Genetic algorithms borrow their name and principles from biological evolution, but can they help researchers discover the fundamentals of life?
Evolution is one of the most widely known theories in the world, and it’s not only because of the rich history of thought and ongoing debate about the origin of species. Some scientists believe the theory’s natural selection mechanics and inheritance principles are applicable to many fields outside of the life sciences.
One of those scientists, John Henry Holland, pioneered a class of search and optimization techniques called genetic algorithms (GAs) by borrowing terms and ideas from biological evolution. In his 1975 book, Adaptation in Natural and Artificial Systems, Holland explained how computational tools such as GAs play important roles in almost every field—especially those dealing with complex adaptive systems—from integrated circuits to image processing to economics to climatology (1).
The number of GA applications in the life sciences has exploded in recent years because of the amount of data researchers deal with on a day-to-day basis and the complexity of simulating certain biological systems. But do GAs truly follow principles of evolution and genetics to the T?
“I wouldn’t say that there is a ‘direct analogy’ between GAs and the natural evolutionary process, but they use an interpretation of the biological process to achieve their aim,” said Christos Dimopoulos, an associate professor of computer science and engineering at the European University Cyprus.
GAs fall under a larger discipline called evolutionary computation, which is a subfield of artificial intelligence. The main goal of these algorithms is to search for potential solutions to a given problem by following a simplified structure of evolution. The goal of GAs isn’t to look for a “perfect” solution to a problem, but rather to search for “fit” or sufficient solutions.
The process of a GA begins with an initial population of randomly generated solutions, where each individual solution is known as a “chromosome” and is represented by a sequence of 1s and 0s. Through selection, only the fittest individuals survive, which is determined by a “fitness function” that mathematically allows fit pairs to pass their solutions to the next generation. The selected parent chromosomes “mate” and produce “offspring.”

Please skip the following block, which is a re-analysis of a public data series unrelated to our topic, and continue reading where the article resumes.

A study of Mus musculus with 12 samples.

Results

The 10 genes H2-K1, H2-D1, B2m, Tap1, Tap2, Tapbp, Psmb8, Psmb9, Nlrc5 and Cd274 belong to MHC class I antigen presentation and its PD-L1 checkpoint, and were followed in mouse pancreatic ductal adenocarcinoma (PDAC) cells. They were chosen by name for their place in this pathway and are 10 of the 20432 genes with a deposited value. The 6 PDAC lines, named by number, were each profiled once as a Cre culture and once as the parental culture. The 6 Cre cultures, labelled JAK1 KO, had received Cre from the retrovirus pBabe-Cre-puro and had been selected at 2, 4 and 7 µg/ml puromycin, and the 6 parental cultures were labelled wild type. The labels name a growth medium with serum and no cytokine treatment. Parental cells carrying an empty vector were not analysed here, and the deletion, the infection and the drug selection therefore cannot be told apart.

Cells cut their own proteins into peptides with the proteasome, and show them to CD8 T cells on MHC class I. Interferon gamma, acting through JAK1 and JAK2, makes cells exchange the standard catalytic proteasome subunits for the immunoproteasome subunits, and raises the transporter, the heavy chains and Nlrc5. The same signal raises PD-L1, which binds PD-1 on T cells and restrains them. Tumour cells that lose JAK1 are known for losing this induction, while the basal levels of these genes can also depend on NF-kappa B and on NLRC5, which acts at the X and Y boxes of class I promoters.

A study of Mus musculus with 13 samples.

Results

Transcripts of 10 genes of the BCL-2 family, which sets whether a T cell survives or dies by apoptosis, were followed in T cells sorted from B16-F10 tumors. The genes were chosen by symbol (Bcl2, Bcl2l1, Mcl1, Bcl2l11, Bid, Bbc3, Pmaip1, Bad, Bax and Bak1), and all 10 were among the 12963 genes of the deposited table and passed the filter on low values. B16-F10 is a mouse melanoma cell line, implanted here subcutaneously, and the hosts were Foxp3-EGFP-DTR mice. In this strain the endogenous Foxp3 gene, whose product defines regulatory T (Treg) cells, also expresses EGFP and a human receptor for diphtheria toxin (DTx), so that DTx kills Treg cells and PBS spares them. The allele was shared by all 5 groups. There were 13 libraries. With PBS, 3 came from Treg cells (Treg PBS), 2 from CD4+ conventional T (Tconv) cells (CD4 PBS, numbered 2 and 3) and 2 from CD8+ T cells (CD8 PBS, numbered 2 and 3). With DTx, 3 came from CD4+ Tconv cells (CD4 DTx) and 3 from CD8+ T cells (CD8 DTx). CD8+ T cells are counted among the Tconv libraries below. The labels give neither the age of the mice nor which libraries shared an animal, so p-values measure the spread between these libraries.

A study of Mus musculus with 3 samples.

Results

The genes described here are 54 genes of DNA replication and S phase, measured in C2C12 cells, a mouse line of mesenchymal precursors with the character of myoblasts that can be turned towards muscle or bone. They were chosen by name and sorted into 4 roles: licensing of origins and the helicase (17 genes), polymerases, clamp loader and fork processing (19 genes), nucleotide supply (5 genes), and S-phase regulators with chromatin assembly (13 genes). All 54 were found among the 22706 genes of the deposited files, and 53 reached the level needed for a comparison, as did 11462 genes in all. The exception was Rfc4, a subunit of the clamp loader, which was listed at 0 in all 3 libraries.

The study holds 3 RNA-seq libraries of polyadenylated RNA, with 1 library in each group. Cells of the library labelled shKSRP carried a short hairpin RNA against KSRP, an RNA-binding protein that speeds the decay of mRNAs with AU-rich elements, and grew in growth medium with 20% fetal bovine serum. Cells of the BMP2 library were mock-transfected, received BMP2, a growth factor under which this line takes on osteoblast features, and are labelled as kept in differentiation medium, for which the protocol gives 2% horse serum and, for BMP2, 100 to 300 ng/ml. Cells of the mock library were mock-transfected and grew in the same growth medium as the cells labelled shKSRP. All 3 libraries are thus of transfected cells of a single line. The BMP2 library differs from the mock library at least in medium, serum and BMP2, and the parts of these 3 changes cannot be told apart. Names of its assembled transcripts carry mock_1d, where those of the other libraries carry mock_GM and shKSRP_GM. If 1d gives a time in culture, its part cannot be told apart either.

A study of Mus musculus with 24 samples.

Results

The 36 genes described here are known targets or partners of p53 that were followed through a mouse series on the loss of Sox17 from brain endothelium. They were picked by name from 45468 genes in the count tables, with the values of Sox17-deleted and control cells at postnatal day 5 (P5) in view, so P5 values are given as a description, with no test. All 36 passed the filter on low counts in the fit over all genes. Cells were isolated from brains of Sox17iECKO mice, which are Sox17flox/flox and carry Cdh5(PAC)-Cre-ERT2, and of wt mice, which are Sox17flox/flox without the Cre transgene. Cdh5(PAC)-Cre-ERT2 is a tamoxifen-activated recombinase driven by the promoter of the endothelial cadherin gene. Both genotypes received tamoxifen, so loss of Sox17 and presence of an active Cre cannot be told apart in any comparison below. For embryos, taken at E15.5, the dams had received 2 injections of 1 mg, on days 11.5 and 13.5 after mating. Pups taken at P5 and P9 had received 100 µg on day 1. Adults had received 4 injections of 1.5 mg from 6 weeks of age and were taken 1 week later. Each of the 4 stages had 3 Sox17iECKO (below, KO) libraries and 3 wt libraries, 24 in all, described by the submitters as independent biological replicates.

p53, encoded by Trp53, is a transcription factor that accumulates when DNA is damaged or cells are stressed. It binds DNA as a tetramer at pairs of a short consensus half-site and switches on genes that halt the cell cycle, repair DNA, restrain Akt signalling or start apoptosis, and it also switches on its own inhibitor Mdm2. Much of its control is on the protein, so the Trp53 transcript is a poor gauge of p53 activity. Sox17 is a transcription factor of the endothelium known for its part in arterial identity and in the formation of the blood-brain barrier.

Genetic operators, such as “recombination” and “mutation,” occur at this point to introduce more diversity and produce better solutions in the next generation. These operators work similarly to biological principles; recombination preserves good parts of the genetic material or good solutions, and mutation introduces new genetic material or alternative solutions. After each generation, the GA does a final check to see if an optimal solution was found for the problem. If not, more generations will be produced until a sufficient solution is found.
“GAs are efficient and capable tools that can explore big search spaces and search for potential solutions, even when you don’t have a full understanding of the problem,” said Liucheng Guo, a Ph.D. student in the Electrical and Electronic Engineering department at the Imperial College London.
Guo believes GAs can be particularly useful in life science, and he’s currently working to develop better high-performing GAs. One such improvement is “migration” between parallel GAs—similar to gene flow—which allows for the exchange of solutions between two GAs. This technique can reduce execution time and increase the quality of chromosomes in each generation.
Many interdisciplinary groups around the world are beginning to use GAs for biological research by tailoring them for each specific project. A lot of those techniques adopt other principles of evolution as well.
Dimopoulos and his team recently published an analysis of biological aging compared to aging in GAs (2). In age-based selection for GAs, parents “die off” after a new generation of offspring solutions have been created, making the population of fit solutions smaller. This phenomenon is similar to the biological concept of “genetic drift,” where losing individuals in a population affects the genetic makeup of the group.
In terms of possible applications for age-related research, Dimopoulos suggests that GAs may be helpful in areas such as gene editing, stem cell research, and even cloning—at least as simulations to understand aging in terms of genetic damage. Some other important GA applications currently used in the life sciences include building phylogenetic trees, multi-sequence alignment, and protein predictions in protein interaction networks (3).
As the needs of scientists continue to grow when facing more challenging computational problems, bio-inspired algorithms may be an effective tool in understanding the fundamentals of nature.